Speaking to Accountants Daily, HLB Mann Judd tax partner Peter Bembrick said they have been inundated with Country-by-Country (CbC) requests in recent months, finding that some companies may unintentionally believe that they do not qualify for the CbC requirements.
According to the ATO, CbC applies to a significant global entity, if it is a global parent entity with annual global income of $1 billion or more, or a member of a group of entities consolidated (for accounting purposes), where the global parent entity has an annual global income of $1 billion or more.
“Traditionally we've had to answer if the company has an overseas parent on the ATO tax return but with the CbC, we've had to ask for the first time what is global turnover and we've had a couple of examples where they are on the borderline or the initial answer we got from their accounting team was that their turnover was $30-40 million so they did not qualify," said Mr Bembrick.
“But we drilled in further and found corporate charts provided by the group's auditors overseas, showing that we were only looking at one part of the chart, when in fact you're supposed to aggregate all the way up. When we drilled further up, it turned out that the group was over $1 billion.
“You got to be really careful with these companies and dig deeper and sometimes the locals might not even have that information and you have to approach head office.”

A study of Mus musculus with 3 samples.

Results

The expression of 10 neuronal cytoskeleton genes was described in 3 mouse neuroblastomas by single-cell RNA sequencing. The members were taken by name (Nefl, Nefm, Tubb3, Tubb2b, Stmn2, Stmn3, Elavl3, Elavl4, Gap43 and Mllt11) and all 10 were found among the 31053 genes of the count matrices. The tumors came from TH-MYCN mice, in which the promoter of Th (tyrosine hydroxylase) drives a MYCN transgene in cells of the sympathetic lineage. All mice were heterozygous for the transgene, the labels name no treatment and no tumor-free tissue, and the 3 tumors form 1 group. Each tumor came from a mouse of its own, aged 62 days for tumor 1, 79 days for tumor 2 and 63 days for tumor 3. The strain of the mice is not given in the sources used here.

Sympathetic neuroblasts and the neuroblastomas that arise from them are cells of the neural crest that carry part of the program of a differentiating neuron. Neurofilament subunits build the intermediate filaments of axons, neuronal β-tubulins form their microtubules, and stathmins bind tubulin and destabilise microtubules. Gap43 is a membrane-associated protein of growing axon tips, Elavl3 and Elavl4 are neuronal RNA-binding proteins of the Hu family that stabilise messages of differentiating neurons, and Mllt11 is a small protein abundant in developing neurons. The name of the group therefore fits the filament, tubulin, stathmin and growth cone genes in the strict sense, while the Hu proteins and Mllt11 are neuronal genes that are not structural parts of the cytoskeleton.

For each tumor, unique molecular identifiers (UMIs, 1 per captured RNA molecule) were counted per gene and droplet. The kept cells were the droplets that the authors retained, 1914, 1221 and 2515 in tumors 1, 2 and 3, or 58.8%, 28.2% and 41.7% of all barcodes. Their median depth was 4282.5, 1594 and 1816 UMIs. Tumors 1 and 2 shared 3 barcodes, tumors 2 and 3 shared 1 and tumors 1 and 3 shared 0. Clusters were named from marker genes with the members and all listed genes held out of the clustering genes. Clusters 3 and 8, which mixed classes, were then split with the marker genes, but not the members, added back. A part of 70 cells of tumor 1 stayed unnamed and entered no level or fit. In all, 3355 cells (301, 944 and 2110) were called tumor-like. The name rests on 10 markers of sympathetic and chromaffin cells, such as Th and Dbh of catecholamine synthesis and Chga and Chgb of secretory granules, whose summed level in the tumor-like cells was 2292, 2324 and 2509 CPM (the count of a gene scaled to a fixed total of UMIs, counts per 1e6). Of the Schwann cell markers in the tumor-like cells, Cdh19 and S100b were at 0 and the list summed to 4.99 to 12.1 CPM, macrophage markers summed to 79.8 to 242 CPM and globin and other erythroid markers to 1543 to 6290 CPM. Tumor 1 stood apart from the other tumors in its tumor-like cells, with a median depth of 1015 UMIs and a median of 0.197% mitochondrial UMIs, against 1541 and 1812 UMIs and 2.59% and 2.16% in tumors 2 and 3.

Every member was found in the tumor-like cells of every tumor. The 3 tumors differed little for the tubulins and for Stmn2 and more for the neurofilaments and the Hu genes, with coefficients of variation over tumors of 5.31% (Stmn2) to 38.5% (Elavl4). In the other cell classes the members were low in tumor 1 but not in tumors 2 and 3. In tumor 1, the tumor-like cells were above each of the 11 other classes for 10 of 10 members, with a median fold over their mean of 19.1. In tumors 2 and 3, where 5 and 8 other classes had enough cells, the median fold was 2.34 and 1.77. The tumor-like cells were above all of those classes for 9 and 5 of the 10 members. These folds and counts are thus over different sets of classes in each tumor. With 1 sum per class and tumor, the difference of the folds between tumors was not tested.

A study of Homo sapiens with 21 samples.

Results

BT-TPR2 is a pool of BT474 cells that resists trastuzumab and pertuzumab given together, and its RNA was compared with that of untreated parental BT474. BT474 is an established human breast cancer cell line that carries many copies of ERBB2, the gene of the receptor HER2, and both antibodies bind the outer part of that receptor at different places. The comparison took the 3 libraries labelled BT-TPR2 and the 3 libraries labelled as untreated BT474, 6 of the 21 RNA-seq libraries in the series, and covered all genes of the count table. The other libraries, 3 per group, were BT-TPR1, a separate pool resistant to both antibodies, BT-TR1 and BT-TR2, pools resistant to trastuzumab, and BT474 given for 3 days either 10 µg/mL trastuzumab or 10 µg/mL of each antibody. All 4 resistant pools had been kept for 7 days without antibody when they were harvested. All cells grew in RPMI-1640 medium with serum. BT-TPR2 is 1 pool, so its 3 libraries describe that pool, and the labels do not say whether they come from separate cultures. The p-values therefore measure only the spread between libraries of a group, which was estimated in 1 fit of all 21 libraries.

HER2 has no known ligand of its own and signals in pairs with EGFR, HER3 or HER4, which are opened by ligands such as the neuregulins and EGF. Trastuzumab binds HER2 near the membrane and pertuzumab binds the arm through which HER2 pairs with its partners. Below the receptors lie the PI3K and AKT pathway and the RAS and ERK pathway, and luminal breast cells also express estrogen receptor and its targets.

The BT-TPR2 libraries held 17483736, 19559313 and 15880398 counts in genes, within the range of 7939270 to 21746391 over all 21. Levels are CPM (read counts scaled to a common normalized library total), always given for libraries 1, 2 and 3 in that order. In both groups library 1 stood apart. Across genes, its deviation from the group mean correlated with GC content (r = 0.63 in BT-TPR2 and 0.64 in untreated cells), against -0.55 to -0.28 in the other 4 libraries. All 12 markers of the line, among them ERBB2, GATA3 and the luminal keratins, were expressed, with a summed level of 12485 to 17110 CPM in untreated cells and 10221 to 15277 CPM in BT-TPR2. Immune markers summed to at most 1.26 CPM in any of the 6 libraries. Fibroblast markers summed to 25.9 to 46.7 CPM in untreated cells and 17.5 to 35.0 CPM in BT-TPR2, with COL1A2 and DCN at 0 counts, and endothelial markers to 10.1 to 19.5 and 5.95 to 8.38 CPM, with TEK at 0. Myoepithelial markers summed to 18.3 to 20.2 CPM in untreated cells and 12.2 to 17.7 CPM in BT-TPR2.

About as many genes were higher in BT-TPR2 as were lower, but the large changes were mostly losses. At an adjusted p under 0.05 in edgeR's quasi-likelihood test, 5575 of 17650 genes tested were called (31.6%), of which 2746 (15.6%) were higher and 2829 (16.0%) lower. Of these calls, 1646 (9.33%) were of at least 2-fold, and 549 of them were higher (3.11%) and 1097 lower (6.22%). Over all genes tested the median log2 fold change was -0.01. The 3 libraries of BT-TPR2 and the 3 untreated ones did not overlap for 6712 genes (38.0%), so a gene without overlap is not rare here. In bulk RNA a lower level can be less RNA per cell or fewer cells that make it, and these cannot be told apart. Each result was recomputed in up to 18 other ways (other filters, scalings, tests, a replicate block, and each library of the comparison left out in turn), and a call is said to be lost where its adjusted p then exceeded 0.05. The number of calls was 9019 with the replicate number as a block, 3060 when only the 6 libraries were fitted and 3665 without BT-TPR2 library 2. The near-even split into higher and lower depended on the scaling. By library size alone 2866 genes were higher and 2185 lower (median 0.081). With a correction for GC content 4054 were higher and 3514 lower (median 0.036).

Further, Mr Bembrick believes that some companies may be led to believe they are not on the watch list because of the media’s portrayal of CbC and base erosion and profit shifting (BEPS) solely targeting large multinational firms.
“It's all about identifying what global companies are doing and all headlines are about Apple and Google but there's an awful lot of companies that are not household names but they still have over a $1 billion in turnover which is not that much at the global level,” said Mr Bembrick.
“Once you hit that threshold, the ATO wants visibility.
“It'll be interesting to see what happens when [authorities] share that information with each other, what comes out of that process, which could spark further investigation. Whether it actually achieves its objective by not actually catching companies but by stopping them from doing it in the first place.”
CbC reporting has been tripping up tax executives, with the former chair of Kreston Australia Tony Dormer finding that many clients aren’t prepared for the new deadlines despite penalties of over $500,000 being on the table.